All was quiet in the elephant graveyard. Here, the bones of the ancients lay scattered, huge and broken, like ruins of a once great city.
“Is it really all right for us to be here?” Pyg whispered to the ostrich priestess.
“It is an honor,” the priestess answered. “An elephant’s invitation to a graveyard is their way of introducing you to their ancestors as a friend. Her majesty is not only paying homage to the ancients but asking them to protect us.”
Pyg nodded and watched as the queen and her soldiers wandered wordlessly among the bones, picking them up, curling their trunks around them. Weeks ago, Pyg would have thought it a peculiar custom. But weeks ago, she would have read about it in a book before a fire while her mother knitted and her brothers teased one another or bickered about something trivial. Everything she had known to be familiar and safe had been taken from her since then, and so she took comfort in what was meaningful in another land.
But something was not right.
“I think we are not alone here,” the priestess whispered, narrowing her eyes.
A thin fog that lurked among the bones had rapidly grown quite thick. Pyg thought she heard faint whispers, but when she looked for Leap to ask him if he’d heard them, he looked so strange that she forgot her question. His ears were back, and he was shivering terribly.
“Leap? Are you all right?” asked Pyg.
He didn’t say anything, but the priestess glared at him as if he had. Leap shrank back when the ostrich approached him, but soon he was transfixed by the glow of her eyes.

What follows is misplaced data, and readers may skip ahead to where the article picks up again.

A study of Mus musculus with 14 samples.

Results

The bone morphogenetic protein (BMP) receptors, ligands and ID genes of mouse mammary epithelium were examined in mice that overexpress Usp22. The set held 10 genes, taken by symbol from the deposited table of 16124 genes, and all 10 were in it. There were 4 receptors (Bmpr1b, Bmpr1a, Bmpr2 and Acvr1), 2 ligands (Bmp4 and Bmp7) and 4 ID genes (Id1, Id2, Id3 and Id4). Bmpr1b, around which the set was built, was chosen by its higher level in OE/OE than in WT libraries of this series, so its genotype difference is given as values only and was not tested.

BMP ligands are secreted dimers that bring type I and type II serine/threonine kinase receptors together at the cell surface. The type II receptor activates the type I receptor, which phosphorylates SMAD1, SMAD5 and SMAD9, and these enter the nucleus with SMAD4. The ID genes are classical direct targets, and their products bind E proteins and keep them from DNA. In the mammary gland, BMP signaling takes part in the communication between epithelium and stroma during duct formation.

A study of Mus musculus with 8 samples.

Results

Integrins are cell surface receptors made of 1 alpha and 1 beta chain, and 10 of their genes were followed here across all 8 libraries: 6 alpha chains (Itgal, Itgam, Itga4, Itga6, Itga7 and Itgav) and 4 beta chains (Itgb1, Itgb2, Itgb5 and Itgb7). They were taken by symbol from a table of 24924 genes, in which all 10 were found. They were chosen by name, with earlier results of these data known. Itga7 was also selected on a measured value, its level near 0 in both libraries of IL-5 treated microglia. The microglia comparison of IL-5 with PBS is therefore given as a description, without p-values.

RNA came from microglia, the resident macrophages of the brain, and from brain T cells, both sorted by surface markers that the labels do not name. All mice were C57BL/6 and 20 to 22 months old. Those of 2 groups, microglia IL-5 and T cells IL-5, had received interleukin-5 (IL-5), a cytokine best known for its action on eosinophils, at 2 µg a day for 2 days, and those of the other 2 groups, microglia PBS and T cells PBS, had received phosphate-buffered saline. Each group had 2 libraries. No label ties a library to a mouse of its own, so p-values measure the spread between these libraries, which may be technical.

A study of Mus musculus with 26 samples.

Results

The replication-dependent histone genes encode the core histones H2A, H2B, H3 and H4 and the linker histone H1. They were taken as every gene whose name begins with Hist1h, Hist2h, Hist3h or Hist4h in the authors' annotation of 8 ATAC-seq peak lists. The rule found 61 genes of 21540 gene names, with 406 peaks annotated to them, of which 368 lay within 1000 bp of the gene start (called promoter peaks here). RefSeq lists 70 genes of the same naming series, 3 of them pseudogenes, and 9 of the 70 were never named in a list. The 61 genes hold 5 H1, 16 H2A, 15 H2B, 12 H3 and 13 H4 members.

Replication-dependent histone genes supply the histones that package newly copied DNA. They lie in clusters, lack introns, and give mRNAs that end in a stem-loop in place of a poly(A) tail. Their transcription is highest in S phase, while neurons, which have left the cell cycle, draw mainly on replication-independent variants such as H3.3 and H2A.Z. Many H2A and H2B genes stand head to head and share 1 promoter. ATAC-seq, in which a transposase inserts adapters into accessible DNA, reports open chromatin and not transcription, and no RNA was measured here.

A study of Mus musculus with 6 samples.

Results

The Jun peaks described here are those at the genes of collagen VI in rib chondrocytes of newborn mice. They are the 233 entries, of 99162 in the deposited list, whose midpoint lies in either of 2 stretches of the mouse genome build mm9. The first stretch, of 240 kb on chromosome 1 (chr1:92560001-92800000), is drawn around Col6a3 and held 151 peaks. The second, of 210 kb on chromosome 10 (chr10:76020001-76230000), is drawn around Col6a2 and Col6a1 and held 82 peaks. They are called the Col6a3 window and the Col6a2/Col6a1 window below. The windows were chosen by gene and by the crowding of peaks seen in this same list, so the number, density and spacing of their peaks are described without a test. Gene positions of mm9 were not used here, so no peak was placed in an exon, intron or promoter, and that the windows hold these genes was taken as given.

“What are you doing to him?” asked Pyg. “Leave him alone!”
But the priestess continued her fearsome gaze until she suddenly gasped.
“No!” she cried. “Wolfing, you do not know what you have done!”
“What’s going on?” Pyg demanded.
“I had to,” said Leap in a voice barely above a whisper. “It was the only way to make it across the sea. But I hoped I’d be alone when they came for me.”
“When who came for you?” Pyg asked. “What do you mean? Leap, answer me right now!”
Meanwhile, the priestess was running and shouting, shouting to the elephant queen and her army to leave this cursed place at once.
“The dead are rising!” she shouted. “We must turn back! The ghosts of men are among us!”
“What does she mean?” Pyg pleaded of her friend. “You… you said you told the ghosts you were the servant of the Master! You said they helped us because they must obey him!”
“I didn’t want you to know the truth,” Leap said, his head hung low.
“What truth?” Pyg cried. “Leap! What truth?”
But the Ghosts of Men were coming up from the earth now, and through the vapor of their rising shapes, the elephants ran. They could not run fast enough. The dead took form. Not simply men, but dogs and lions and other spirits, too. All of the beast ghosts walked upon fours, and the men were their masters. One of the men sat high upon a spectral horse, and he commanded the horse with unseen reins though he, himself, had but a stump upon his shoulders in place of a head.
“Come on, Leap! We have to go!” shouted Pyg, but the wolf would not move.
Suddenly the priestess was beside her.
“Run, swine child!” she told Pyg. “Your friend is beyond saving. He has made the Unspeakable Oath!”
Behind them, a terrible scene took place. Some of the elephants were strangled by the ghosts. Some were devoured whole until only their bones remained. Still others fled in crazed terror until they fell upon the ancient bones and impaled themselves. The queen herself was dragged below the earth until her roars of pain and fear were silenced forever.
Someone living dragged Pyg away. She would never remember who. But she remembered Leap’s last words to her.
“They can’t hurt you!” he called after her. “That was my price!”
Then the headless horseman descended upon Leap and snatched from him what the dead had bought in the young wolf’s abominable bargain.